The EFM Feature

I’ve been reading a lot of stuff about Governor Huckabee’s recent statement that the explanation for his rise in the polls is “not a human one,” most recently Jim Geraghty’s reporting on the matter. Geraghty is a great reporter, but I think he’s wrong on this.
Simply put, I believe God is the Almighty, the maker of the universe, and that he is in control of all things. That includes attitudes in Iowa, even when I disagree with them. So theologically, Governor Huckabee is right, because ultimately, everything that happens on Earth has a non-human explanation — God either willed it or allowed it.
And I also don’t think that Governor Huckabee’s merely saying that is the same as alleging, for instance, that he’s God’s chosen candidate. I buy Joe Carter’s idea that he’s giving “God the credit for the blessings—particuarly the unexplainable good fortune—that come [his] way.”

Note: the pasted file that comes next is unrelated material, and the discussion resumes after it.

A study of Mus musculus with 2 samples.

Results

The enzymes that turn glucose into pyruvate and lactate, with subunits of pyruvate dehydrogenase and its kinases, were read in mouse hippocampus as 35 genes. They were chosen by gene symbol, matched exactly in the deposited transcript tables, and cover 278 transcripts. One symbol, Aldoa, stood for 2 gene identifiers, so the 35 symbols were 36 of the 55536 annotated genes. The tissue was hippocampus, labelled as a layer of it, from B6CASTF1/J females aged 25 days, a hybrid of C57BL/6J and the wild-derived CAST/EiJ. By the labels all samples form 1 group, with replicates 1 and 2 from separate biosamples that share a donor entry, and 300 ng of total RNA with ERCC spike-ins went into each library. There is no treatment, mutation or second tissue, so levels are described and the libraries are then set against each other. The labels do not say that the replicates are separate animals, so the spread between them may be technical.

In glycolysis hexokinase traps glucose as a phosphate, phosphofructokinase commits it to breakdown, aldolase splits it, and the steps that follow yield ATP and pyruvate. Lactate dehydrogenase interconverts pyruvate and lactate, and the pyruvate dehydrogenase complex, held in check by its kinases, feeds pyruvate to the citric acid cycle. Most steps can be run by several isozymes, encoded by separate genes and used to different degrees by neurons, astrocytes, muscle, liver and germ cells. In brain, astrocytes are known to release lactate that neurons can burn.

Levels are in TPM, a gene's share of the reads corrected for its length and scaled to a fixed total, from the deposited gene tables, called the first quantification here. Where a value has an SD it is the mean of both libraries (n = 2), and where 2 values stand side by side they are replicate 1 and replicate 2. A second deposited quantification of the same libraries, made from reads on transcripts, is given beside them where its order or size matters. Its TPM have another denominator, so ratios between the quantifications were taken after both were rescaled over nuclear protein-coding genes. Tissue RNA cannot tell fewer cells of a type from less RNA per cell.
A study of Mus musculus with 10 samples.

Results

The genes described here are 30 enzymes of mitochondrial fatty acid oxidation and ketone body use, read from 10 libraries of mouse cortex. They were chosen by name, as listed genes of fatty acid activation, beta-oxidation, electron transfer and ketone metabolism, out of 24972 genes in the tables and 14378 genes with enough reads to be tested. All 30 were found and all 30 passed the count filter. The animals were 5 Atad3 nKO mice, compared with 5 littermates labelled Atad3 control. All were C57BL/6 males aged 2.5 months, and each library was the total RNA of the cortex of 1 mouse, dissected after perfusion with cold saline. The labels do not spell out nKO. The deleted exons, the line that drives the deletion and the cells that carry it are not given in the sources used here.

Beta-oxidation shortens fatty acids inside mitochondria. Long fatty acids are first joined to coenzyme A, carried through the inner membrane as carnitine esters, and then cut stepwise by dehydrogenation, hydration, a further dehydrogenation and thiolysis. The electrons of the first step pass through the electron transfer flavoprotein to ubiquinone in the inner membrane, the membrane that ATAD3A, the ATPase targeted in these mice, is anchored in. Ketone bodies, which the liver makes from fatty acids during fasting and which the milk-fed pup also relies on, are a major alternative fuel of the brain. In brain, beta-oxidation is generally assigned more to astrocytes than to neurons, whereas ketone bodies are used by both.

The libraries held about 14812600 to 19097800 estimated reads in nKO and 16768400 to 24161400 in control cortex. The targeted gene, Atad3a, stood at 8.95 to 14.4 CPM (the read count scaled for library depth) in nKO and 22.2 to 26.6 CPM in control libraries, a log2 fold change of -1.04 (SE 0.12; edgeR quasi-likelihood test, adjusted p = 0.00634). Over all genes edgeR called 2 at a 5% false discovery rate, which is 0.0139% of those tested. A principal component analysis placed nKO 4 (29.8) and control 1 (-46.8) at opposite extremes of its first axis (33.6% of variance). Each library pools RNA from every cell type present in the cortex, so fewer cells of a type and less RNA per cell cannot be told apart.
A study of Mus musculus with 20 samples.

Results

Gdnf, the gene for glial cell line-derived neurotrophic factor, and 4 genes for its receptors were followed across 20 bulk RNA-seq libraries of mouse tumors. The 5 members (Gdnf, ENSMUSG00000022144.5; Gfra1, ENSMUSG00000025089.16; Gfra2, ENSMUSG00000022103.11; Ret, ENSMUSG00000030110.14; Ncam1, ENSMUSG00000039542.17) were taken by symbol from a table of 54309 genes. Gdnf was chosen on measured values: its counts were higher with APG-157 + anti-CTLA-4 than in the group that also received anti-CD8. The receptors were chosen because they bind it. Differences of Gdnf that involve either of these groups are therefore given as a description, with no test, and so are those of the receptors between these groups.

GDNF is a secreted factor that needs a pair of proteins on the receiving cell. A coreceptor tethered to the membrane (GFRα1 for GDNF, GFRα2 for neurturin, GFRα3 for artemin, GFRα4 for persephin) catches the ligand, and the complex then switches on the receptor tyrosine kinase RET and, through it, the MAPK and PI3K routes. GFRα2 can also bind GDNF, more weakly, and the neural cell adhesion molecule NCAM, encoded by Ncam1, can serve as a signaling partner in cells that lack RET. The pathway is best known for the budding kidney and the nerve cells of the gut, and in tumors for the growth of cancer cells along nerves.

Moreover, I think that slamming Huckabee on this point — one on which I suspect most evangelicals will agree with him whether they want him to be president or not — undercuts the speaker’s ability to make credibly the point that he is running a sectarian campaign. And that is an argument we have to make, because a sectarian campaign is a divisive and destructive one for our national fabric — especially in times such as the present, when the very idea of a shared American culture is under vicious attack from the Left.
Governor Huckabee’s campaign would do well to note that not just “In God We Trust” is printed on the dollar bill — so is “E Pluribus Unum.” But I don’t fault him for giving the glory for his rise in the polls to God.

About Charles Mitchell

EFM's resident Yankee, Charles Mitchell, works in the non-profit arena in his native Pennsylvania. He and his wife, Charissa, live near the state capital of Harrisburg with their daughter, Adeline, and are members of a congregation of the Presbyterian Church in America.